When Temple engineering majors were assigned their senior design project, they could’ve chosen the typical route of building bridge replicas. Instead, four of them chose to fly.
Red Bull Flugtag is an event sponsored by the energy drink company in which teams build flying machines, better known as gliders, that are flown off a 30-foot dock. There are three winners at every event, one for each of the following criteria: distance, creativity and showmanship.
A team of Temple students will compete in the Washington, D.C. event, one of five Red Bull Flugtag competitions going on in the country. All on Sept. 21, they will take place in four additional cities – Miami, Chicago, Long Beach, Calif. and Dallas/Ft. Worth, Texas. The event will be held at Washington’s Southpointe Waterfront. The gates open at noon and the event is scheduled to start at 2 p.m.
Temple students Omar Onwuke, a senior mechanical engineering major, and Greg Oakley, Kyle Eldridge and Tommy Fallon, all senior civil engineering majors, created the team they’ve named Temple Aeronautics Designs.
“Mechanical engineering has a lot more to do with moving parts,” Onwuke said, explaining their differing majors. “Transportation is a big part of it, [involving] cars, trains, airplanes and boats.”
Eldridge and Fallon explained that civil engineering is more geared toward bridges and other things less kinetic. Each teammate hopes to land a job in their respective fields after graduating from Temple.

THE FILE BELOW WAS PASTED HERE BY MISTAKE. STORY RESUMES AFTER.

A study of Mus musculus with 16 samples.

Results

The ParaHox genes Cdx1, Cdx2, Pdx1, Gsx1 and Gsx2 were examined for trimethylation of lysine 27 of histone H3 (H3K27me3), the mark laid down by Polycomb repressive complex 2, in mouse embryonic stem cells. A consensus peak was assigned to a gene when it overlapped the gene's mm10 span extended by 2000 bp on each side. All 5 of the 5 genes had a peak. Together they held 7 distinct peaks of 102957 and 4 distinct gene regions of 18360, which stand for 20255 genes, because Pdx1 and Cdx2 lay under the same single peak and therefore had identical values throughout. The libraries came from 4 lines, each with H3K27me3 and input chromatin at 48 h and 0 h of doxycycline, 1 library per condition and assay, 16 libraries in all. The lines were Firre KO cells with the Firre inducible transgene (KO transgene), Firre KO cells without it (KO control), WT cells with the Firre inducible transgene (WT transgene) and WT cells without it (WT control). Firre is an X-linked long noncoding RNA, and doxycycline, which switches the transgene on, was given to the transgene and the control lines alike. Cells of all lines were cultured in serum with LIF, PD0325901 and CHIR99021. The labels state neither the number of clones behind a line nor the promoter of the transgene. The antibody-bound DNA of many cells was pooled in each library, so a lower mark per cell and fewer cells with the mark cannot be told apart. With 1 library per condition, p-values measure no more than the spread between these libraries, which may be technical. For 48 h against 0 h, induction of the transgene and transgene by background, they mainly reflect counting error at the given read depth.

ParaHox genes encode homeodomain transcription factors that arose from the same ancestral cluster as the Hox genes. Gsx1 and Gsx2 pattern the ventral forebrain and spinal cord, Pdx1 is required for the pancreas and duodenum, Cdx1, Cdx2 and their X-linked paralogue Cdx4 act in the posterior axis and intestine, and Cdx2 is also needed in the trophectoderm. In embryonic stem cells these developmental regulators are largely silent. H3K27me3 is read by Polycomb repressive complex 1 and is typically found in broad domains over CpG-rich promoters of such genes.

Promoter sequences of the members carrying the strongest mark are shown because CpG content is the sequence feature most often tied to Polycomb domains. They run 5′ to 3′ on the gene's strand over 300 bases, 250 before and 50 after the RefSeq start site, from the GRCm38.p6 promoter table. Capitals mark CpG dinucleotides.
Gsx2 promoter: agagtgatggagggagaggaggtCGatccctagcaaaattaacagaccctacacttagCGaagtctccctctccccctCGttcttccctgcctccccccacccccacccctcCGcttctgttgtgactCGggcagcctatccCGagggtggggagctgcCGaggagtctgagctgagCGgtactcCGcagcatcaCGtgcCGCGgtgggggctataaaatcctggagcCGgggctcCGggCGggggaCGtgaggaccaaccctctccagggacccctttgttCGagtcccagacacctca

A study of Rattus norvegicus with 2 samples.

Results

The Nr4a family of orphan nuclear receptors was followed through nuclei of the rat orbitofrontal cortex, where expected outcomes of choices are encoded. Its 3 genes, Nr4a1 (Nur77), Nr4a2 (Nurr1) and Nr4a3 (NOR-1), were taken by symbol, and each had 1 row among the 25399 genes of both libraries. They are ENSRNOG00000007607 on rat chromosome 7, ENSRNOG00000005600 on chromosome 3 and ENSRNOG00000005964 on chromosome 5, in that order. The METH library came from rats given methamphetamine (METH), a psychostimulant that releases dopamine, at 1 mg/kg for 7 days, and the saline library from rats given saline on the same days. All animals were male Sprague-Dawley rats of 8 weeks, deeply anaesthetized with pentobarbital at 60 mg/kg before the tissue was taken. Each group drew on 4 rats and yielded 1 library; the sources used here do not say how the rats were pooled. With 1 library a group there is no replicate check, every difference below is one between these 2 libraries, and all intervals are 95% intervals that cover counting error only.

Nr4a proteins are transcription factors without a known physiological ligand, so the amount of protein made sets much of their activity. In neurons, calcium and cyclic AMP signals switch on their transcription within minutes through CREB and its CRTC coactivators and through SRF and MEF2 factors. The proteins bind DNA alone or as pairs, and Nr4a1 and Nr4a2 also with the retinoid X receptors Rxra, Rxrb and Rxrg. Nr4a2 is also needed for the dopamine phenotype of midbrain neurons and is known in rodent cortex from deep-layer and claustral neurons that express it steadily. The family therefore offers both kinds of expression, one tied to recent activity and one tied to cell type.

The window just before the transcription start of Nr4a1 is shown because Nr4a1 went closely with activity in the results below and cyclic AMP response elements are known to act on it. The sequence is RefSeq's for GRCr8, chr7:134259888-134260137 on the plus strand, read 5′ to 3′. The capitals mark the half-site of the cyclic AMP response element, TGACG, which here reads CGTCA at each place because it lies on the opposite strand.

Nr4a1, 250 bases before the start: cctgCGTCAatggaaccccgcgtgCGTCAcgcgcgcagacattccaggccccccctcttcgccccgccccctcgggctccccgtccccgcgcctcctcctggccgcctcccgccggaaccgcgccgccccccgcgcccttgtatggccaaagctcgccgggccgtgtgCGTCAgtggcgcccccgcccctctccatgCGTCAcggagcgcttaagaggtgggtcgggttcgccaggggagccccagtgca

Billy Pope, a fifth team member, is not a Temple student. All team members said that they have been working on their glider every other weekend for the last two or three months.
The idea originally came about when Oakley recalled the Red Bull Flugtag event where he worked in a concessions tent last year in Camden, N.J.
He said he came up with the idea to design his own glider for this year’s flugtag event for his senior design project, which all engineering majors at Temple must complete before graduation.
Eventually, he recruited the other team members. The team said they were first met with some resistance from the senior design coordinators, the board that approves the projects. The board was reluctant to approve a flugtag competition as a legitimate senior project. Luckily for the team, they were able to convince the board to accept their proposal.
In order to approve the project, the coordinators mandated their glider to be a replica of the 1902 Wright brothers’ glider. The glider will be 20 feet in length.
“Luckily, the biggest U-Haul truck is 22 feet long,” Oakley said as to how their glider will be transported to the event.
Because Temple Aeronautics Designs is redesigning an early model airplane, they believe their glider has a legitimate chance of flying far from the dock.
“Most people don’t take it seriously,” Eldridge said.
He believes Temple’s team is unique in the sense that their glider is for a college-level engineering project and not just for fun like most of their competitors. The team feels particularly strong in their ability to dominate the distance competition, as most teams are more concerned with building the most creative looking gliders.
Fallon will be piloting the Wright brothers’ replica come competition day.
“I’m a little nervous,” Fallon said. “But seeing 110,000 people in the crowd might change that.”
Fallon uses the number 110,000 since it’s the amount of people who attended the event last year in Camden, N.J., and it’s a decent approximation for how many people will attend this year in Washington.
Fallon said the sight of so many people will make him less nervous because he’ll be more “amped up.” Luckily for Fallon, the event staff stresses safety for the pilots.
“They make you wear bike helmets and a life vest,” Fallon said.
Tom Beck can be reached at firstname.lastname@example.org.